Broker Check

How Your Panic Attacks Effect Your Investing

September 09, 2019

If you speak with someone about the market or how their portfolio is performing, they will often bring up the returns of a sector, stock or fund that they recently saw mentioned in news headlines or some other media outlet. They may also talk about a holding or idea that a friend, neighbor or colleague brought up during conversation. Inevitably they will in some way often refer to what is known as investment return.  Although this shows they try to stay informed and position themselves well, ultimately reaching their financial goals will not depend on investment return, but will depend on the results of their individual portfolio, their investor return.

Fund flow research shows that although US stocks have returned over 10% per year since the late 1980s (investment return), the average investor’s portfolio has returned below 3% per year (investor return).  This data shows the drastic contrast between media and sales-based headlines and the actual results within investor accounts.  The difference between the performance of each asset class in the chart on the right and investor portfolios is driven by poor investor behavior and panic as individuals give in to the temptation to time the market, and sell near market lows during periods of volatility and buy near market highs. 

Although staying diversified and fully invested over the long-term may sound straightforward, it is as tough as ever in this age of interconnected devices and the constant news cycle.  Individuals are flooded with headline alerts and notifications on their phones, TVs, email, tablets and watches.  News and alerts regarding the financial markets are more often than not written by journalists posing as analysts and are geared to drive fear and clicks, not help individuals make informed decisions.  Authors of these articles often do not have formal financial training and have no experience advising clients in the real world.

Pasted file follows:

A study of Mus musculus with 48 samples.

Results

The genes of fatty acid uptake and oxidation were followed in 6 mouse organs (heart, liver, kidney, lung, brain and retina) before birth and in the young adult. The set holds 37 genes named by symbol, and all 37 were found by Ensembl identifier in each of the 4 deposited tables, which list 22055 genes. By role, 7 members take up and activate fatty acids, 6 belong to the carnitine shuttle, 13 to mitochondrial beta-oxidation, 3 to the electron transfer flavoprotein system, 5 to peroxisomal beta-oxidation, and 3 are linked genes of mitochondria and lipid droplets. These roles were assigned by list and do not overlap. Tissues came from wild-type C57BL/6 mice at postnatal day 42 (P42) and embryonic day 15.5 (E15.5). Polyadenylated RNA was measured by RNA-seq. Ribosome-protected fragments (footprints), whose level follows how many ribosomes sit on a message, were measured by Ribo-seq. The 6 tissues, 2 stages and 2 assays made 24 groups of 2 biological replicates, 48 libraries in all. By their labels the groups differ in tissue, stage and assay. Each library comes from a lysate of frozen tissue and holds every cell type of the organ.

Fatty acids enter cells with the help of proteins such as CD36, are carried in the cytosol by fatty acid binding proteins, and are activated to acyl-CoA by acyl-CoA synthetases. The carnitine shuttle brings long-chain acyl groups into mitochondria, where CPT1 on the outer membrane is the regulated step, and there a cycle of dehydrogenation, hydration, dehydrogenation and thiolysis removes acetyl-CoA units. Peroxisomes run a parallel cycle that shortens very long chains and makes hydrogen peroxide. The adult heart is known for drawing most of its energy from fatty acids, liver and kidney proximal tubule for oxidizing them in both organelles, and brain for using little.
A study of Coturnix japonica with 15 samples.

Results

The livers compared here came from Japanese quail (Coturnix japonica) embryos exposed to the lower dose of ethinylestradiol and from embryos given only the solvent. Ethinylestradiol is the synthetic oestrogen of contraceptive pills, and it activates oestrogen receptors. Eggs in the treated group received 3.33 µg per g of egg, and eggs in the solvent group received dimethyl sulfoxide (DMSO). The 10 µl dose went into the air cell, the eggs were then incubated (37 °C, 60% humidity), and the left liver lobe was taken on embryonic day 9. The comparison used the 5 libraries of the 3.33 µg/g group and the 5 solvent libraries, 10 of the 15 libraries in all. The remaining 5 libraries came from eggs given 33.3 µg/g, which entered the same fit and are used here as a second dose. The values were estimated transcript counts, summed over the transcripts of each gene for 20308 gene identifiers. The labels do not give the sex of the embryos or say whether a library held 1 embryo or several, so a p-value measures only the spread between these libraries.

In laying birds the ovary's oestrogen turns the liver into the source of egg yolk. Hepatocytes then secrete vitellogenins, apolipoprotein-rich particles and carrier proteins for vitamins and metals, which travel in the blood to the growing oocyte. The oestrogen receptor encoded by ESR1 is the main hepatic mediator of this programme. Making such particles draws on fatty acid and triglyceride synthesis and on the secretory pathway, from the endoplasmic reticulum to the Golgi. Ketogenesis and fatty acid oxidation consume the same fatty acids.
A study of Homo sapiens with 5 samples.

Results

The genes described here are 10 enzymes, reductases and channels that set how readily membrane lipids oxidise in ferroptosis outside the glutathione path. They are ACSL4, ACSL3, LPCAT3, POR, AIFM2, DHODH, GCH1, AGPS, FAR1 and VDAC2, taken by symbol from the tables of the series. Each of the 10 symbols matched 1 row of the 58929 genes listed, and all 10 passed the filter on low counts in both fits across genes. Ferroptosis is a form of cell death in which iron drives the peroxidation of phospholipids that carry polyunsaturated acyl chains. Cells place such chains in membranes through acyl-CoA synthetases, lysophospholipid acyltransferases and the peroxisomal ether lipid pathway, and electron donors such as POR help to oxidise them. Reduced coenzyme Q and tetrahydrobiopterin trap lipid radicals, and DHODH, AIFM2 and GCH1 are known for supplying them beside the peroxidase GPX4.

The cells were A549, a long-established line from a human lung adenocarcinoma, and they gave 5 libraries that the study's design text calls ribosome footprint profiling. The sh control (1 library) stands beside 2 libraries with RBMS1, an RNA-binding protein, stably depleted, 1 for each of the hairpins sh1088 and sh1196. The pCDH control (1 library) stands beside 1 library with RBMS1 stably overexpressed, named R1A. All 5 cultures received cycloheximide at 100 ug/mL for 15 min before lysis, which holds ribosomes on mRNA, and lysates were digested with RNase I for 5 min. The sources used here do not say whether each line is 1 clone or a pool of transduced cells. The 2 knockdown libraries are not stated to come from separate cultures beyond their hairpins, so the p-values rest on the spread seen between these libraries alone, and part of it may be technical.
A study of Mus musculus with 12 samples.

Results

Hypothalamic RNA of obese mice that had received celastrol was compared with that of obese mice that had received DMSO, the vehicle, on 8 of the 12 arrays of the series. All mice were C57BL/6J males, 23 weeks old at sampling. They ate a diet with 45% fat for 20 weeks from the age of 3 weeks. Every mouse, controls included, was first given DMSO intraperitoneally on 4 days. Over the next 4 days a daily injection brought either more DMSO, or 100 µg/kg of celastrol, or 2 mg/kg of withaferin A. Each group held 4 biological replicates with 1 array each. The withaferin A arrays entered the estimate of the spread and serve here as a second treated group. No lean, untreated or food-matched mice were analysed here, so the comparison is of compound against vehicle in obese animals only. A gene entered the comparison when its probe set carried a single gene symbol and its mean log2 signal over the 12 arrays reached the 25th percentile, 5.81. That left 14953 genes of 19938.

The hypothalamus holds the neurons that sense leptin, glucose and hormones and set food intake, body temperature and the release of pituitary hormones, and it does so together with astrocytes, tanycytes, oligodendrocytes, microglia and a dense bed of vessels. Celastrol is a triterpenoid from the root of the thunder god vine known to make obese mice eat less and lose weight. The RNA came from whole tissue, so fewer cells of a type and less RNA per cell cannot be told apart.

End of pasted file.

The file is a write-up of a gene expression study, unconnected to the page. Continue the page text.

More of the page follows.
The chart above shows the importance of partnering with an advisor to help you remain fully invested and stay the course over the long-term.  This data also shows us the idea of staying in the market may be simple, but is not easy. Along with helping you map out and pursue your financial goals, the compensation you pay your advisor can also be viewed as type of insurance premium against poor investor behavior and trying to time the market.  This can be referred to as your advisor premium.

Market fluctuations and headlines will drive emotions and cause investors to act irrationally.  While it is common for investors to want to move their assets to cash, it is also important to acknowledge it is not natural to stay invested.  The next time you see an alert or news headline regarding market volatility and think you need to act, think of the chart above and know that by staying the course, you are showing above average behavior and will likely be outperforming the average investor.  Remember, volatility does not equal loss unless you sell.